Is cloud computing a viable alternative data storage system? How do the cost-cutting advantages and the legal risks balance out?

Cloud computing uses remote computers to host software and store data, which can then be accessed via the internet. It allows businesses to access IT resources, such as data storage, without having to buy expensive equipment.

“The use of cloud computing by the business world is accelerating” says Anthony Lee, a partner in the media and technology group at law firm Fladgate. “However, there are some inevitable risks which businesses need to think about.”

A business looking at cloud-based data storage must know where the data is, that it is secure and that it can be easily retrieved.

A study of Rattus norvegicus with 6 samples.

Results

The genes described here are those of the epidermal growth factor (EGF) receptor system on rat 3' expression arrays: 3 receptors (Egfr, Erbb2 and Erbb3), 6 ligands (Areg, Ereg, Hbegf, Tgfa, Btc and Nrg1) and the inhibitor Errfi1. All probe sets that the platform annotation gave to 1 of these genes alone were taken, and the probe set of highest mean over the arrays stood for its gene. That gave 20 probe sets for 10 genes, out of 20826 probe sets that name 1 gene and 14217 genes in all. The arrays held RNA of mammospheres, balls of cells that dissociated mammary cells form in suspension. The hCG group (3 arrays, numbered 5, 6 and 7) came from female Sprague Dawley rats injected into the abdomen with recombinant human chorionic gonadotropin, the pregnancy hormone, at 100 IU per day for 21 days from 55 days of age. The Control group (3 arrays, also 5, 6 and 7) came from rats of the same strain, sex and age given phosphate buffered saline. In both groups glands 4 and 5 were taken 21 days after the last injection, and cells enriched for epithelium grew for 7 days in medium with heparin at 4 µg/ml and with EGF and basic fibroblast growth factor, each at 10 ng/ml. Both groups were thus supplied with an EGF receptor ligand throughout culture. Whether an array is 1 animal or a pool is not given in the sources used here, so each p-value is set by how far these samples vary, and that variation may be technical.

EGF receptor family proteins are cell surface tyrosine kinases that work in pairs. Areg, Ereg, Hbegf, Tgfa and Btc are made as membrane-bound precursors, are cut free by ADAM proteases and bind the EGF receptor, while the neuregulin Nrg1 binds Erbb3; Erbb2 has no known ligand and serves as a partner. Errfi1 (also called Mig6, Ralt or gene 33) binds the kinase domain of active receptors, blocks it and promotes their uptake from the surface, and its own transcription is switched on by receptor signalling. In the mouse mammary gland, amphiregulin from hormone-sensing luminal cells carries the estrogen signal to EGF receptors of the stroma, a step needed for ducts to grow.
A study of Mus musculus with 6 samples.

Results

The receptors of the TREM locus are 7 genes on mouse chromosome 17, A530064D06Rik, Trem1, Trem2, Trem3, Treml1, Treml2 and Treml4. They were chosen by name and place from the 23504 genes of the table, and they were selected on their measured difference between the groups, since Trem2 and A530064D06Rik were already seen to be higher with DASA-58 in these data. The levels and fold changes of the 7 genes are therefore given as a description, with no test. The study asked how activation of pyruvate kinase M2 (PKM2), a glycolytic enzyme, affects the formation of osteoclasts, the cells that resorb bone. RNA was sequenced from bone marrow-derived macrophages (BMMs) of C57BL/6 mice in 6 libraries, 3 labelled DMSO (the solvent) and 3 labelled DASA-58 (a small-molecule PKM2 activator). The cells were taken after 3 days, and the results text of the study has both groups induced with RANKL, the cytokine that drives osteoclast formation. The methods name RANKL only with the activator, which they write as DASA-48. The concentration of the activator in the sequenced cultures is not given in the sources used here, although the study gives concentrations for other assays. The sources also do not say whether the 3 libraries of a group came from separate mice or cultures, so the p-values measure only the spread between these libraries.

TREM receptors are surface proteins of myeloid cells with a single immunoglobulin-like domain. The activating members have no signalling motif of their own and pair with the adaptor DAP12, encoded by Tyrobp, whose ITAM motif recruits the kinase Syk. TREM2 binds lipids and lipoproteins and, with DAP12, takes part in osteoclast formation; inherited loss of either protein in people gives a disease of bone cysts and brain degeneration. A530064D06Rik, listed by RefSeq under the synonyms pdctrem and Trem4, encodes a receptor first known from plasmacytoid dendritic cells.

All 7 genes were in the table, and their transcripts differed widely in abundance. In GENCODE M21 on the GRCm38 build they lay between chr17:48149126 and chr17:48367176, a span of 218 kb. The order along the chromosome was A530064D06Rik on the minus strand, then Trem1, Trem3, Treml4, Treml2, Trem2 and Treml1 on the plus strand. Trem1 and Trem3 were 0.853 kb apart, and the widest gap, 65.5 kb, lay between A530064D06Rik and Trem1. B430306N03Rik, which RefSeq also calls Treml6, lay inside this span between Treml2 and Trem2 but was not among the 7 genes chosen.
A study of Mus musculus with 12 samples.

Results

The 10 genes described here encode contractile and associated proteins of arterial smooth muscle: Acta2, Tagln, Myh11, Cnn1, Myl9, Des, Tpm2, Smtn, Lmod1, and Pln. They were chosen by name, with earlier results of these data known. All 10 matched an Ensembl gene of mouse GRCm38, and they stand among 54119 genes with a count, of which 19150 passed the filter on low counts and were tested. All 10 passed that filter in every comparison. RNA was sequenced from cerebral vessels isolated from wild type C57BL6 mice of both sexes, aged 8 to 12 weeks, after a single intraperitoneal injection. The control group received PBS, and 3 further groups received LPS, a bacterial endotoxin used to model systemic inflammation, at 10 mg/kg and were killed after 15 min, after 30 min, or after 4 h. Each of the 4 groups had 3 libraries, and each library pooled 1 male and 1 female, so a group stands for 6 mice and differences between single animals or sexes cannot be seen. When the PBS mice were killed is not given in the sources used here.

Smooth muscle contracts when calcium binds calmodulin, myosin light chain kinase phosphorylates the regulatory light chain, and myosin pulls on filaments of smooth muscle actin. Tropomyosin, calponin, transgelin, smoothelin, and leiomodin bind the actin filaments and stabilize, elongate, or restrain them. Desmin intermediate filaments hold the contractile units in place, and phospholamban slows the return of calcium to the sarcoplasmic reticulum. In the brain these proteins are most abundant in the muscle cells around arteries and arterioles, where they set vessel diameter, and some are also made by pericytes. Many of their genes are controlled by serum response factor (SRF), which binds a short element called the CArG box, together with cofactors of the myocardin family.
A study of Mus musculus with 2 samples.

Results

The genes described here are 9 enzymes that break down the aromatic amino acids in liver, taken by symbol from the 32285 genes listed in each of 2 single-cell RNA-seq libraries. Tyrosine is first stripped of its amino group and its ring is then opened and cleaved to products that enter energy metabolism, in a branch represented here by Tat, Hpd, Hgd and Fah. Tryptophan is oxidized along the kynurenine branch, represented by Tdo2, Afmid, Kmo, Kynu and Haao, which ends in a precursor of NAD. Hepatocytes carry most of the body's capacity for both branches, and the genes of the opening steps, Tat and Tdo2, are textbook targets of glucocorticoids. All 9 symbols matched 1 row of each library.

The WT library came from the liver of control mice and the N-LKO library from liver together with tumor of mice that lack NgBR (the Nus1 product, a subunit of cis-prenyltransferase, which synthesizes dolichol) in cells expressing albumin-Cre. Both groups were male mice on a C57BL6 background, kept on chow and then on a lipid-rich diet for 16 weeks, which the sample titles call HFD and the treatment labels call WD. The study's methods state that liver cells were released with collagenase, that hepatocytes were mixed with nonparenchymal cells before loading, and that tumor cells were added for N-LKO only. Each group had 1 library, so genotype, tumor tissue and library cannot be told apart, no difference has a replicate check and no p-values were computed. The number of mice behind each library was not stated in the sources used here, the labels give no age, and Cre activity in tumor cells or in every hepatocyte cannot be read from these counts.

Lee says: “With privacy laws, security is a particular concern where personal data is involved.

If a retailer transfers customer data to a cloud provider, the retailer is responsible for ensuring, among other things, that the provider keeps the data safe and that it only handles the data according to the retailer’s instructions.”

Arrangements should also be underpinned by a sensible contract. “Understanding the small print is essential,” says Lee. “You don’t want to agree to terms and conditions if the provider offers you no assurances, can change those terms and conditions, and can suspend or terminate the service at will.” Such terms and conditions are not uncommon in the cloud space, Lee says, so the contract needs some attention.

Lee says: “So long as the risks can be contained, there is much to be gained from moving to the cloud. As well as the cost savings it can provide increased flexibility.” But what’s important is selecting the right partner, he adds.